By Office of the Chief of Public Affairs-MidwestOctober 8, 2009
Story and Photos by Sgt. Kassidy Snyder, Illinois National Guard Public Affairs Office
"Do you know who your commander is'" a fellow Marine asked Kent Ketter of Chatham, Ill. "He was awarded the Medal of Honor." On that day in 1985, Ketter learned his Regimental Commander, Col. Jay R. Vargas of San Diego, Calif., had received the Medal of Honor for his heroic actions in the Vietnam War.
Ketter spent approximately six months under Vargas' command in the Marine Corps, during which time he promoted Ketter to lance corporal. More than 20 years ago Vargas pinned Ketter at a ceremony in front of their headquarters building at Camp Pendleton, Calif. More recently, on Sept. 16, Vargas spoke to several military and civilian individuals at the 404th, Maneuver Enhancement Brigade armory in Chicago, part of the Congressional Medal of Honor Society Convention in Chicago. Soon after, now U.S. Army Capt. Ketter was pinned to major by Vargas. "He was the first one to promote me and may be the last one," said Ketter who has almost 21 years of active military duty service.
Vargas may not remember Ketter because he commanded more than 5,000 Marines, but Ketter has the proof. Over the years, Ketter kept a memorabilia book of all his promotion orders and military related documents. Nearing the front of the book is a signed letter by Vargas, stating the promotion of Ketter to lance corporal. Before the recent promotion, Ketter showed Vargas the book and shared a few memories of their time together at Camp Pendleton. "We had a good regiment," said Vargas.
Vargas was awarded the Medal of Honor on May 14, 1970 by President Richard Nixon for leading his men in an attack along the demilitarized zone separating North and South Vietnam. Although they hadn't slept for 36 hours, Vargas and his men headed down near the village of Dai Do, where they came under heavy fire. Wounded by a grenade, Vargas took out three machine-gun positions and then engaged in hand-to-hand combat with enemy Soldiers. Vargas remained in the open, encouraging and rendering assistance to his Marines when he was hit for the third time in the three-day battle.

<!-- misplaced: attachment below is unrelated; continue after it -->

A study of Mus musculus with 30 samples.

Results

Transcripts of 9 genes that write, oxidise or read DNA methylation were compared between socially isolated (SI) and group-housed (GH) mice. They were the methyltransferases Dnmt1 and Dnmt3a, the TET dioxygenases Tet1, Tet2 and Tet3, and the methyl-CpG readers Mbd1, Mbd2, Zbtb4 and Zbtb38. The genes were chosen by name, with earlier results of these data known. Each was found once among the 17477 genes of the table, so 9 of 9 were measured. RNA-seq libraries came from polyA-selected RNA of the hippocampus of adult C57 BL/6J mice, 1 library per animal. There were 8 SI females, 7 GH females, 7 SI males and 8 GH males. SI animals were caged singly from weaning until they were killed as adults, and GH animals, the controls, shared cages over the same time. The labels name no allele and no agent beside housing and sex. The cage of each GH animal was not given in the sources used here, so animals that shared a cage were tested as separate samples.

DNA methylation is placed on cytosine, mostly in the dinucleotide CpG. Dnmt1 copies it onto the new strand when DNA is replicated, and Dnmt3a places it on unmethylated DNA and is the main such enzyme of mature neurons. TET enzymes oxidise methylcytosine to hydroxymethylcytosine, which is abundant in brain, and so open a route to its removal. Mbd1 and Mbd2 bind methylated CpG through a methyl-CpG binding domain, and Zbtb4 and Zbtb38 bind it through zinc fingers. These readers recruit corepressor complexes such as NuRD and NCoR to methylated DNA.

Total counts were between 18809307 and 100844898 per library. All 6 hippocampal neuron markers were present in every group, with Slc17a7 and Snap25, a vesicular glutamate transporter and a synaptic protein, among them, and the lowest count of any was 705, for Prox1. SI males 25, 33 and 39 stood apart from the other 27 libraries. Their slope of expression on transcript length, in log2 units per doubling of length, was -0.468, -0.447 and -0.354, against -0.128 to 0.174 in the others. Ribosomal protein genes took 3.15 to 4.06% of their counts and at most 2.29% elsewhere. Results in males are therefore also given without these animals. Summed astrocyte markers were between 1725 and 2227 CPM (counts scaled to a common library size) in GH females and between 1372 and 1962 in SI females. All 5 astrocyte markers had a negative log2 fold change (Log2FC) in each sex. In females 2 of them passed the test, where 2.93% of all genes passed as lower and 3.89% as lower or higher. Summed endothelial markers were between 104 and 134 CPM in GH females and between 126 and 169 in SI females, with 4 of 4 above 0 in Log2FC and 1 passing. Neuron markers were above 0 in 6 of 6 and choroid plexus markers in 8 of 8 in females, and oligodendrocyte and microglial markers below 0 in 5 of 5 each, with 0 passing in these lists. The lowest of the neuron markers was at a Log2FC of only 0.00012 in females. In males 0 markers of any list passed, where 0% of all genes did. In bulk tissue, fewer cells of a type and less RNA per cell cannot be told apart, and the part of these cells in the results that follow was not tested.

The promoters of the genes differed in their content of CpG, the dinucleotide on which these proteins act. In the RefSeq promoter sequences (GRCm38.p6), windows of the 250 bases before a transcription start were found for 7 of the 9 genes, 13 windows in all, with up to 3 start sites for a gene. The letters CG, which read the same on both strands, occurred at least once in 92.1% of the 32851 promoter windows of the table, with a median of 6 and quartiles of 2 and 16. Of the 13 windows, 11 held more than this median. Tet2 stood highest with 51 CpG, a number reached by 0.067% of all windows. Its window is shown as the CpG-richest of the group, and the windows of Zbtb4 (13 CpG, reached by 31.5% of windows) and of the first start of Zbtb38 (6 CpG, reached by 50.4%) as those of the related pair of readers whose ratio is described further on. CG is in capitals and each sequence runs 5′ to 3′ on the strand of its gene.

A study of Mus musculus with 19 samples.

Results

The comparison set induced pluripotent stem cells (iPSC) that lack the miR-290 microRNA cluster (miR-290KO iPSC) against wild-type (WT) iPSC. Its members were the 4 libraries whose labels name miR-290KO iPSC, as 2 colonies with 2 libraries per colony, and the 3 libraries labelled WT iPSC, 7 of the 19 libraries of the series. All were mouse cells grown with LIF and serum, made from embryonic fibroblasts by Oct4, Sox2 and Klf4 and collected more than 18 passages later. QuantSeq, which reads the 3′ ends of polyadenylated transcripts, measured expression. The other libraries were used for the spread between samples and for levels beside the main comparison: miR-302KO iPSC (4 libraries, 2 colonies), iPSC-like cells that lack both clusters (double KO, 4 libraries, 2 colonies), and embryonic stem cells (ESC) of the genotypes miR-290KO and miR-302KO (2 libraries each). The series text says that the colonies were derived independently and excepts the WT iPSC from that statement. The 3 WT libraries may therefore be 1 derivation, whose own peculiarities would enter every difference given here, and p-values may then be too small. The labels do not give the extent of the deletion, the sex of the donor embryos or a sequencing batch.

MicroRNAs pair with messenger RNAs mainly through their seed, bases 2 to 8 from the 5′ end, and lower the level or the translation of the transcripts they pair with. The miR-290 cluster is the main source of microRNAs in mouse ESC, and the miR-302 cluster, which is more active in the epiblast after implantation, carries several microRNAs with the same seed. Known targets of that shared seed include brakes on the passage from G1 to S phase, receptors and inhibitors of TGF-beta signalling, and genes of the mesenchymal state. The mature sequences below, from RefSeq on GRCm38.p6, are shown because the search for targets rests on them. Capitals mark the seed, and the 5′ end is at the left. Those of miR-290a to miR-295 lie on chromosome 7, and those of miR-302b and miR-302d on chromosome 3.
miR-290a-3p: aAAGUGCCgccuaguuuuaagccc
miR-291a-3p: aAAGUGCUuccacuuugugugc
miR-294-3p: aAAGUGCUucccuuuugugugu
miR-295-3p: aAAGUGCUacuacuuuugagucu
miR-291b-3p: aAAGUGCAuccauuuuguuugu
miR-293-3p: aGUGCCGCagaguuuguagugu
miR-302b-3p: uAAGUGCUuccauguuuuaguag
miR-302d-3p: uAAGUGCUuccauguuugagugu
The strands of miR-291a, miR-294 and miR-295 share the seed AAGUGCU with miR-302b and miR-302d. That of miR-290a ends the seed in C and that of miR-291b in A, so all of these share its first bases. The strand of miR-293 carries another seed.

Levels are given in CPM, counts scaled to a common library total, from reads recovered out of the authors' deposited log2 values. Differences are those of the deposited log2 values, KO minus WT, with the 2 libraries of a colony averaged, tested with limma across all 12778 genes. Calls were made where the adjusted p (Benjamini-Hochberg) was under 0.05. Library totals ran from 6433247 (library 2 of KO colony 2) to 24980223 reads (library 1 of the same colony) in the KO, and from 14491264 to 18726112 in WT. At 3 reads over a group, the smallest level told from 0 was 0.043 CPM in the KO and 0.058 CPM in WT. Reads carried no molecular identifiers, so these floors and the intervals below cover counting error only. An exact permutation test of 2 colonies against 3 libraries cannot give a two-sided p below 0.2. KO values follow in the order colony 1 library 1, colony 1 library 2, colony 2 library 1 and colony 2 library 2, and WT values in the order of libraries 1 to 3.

Vargas was the 7th Marine Regimental Commander at Camp Pendleton, when Ketter received his first order from boot camp. Ketter enlisted into the Marine Corps in 1984 where he spent eight years. He later enlisted into the Illinois Army National Guard, where he is currently working in the Inspector General's office. It was a mere coincidence Vargas happened to be in the state and speaking at an Illinois National Guard armory the same week Ketter's federal recognition to major came through. "They arranged a flight for me to come meet with him again and have the honor to be pinned by him," said Ketter. "I am very proud of you and wish you well," Vargas said to Ketter.